In a recent technical interpretation issued on January 27, 2015, CRA commented on the ability of a surviving spouse or common law partner to share donation credits arising from gifts made by the estate of the deceased spouse. CRA commented on this issue both in the context of the current rules that apply to estate gifts as well as the new rules that will apply beginning in 2016. These rules are described in a previous edition of this Newsletter.
CRA confirmed its existing administrative practice of allowing donation credits to be shared between spouses and common law partners. Under the current rules that apply to gifts made on death, gifts by Will are deemed to have been made by the deceased individual immediately before death. The resulting tax credits can be claimed in the donor’s last living return or the preceding year to the extent that excess credits remain. CRA’s administrative position permits these credits to be claimed by the surviving spouse. This assumes that a spousal or common-law relationship existed at the time of death and the donation would otherwise qualify as a gift for the purposes of the charitable donations tax credit.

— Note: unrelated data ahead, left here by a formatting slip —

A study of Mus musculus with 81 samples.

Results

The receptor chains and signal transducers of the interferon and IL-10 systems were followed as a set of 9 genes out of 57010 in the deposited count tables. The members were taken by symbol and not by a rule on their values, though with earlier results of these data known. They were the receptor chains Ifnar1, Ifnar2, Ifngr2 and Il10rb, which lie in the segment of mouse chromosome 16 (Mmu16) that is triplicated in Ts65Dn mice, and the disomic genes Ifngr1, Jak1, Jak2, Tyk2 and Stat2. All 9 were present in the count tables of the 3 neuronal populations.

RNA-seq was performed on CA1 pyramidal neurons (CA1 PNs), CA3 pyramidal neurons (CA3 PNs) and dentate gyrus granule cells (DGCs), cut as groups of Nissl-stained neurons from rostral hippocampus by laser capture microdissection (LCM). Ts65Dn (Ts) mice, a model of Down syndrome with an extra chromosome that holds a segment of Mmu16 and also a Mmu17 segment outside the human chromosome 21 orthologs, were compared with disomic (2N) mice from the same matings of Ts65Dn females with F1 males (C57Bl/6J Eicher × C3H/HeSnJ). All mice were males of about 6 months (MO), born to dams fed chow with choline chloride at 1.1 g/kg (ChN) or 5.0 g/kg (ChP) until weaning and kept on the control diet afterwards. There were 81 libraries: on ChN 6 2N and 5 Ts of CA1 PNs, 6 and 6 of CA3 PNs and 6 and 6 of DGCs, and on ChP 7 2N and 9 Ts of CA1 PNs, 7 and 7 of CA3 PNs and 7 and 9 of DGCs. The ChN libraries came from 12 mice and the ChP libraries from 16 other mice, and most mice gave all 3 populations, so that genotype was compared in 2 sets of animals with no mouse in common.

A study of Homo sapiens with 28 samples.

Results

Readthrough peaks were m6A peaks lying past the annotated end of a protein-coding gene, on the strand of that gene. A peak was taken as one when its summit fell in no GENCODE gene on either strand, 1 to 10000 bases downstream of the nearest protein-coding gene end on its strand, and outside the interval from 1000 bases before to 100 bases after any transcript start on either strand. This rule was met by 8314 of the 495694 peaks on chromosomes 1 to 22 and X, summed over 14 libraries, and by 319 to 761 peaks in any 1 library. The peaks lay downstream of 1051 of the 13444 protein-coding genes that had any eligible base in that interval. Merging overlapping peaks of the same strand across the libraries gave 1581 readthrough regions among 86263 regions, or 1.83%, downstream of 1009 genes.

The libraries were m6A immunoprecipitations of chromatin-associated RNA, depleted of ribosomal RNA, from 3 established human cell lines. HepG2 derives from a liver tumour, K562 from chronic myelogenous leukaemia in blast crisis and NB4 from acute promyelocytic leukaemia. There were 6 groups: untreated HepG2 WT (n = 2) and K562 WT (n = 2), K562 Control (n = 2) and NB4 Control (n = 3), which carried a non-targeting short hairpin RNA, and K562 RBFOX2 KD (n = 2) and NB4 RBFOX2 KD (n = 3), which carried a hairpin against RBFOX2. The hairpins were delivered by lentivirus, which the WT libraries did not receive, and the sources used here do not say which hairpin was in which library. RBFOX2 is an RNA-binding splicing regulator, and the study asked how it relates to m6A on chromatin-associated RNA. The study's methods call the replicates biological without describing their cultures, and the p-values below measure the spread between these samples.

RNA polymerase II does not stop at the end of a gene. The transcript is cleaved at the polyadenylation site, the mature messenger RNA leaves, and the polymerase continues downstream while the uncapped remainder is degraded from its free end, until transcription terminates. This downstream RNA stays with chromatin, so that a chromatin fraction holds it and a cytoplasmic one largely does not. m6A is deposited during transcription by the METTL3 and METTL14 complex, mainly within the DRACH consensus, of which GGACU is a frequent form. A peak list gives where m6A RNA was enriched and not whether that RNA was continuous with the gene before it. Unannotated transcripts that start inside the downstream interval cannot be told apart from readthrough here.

Under the changes to the Income Tax Act that were introduced in the 2014 Federal Budget, the Act now codifies the rules regarding the ability of spouses to share donation tax credits. The new rules confirm that, in general, an individual may claim credits in respect of gifts made by his or her spouse or common law partner during their lifetime. This is consistent with CRA’s current administrative practice. However, with respect to gifts on death after 2015, the new rules are more restrictive. Under the new rules, gifts made by an individual’s graduated rate estate – i.e., within three years of death – can be allocated to the individual’s last two living years or to the estate in the year of the gift or a preceding year. The CRA technical interpretation issued on January 27 states that the new changes to the Act do not allow the surviving spouse to claim gifts made by the deceased spouse’s graduated rate estate. As such, CRA states that its current administrative practice with respect to gifts by Will no longer applies starting in 2016.
It thus appears that, under the new rules, surviving spouses will no longer be able to claim credits in respect of gifts made by the estate of their spouse or common law partner. This new reality will need be considered in the course of estate planning going forward.
We will continue to monitor developments and CRA statements with respect to the new rules around estate gifts, which will be reported in this Newsletter.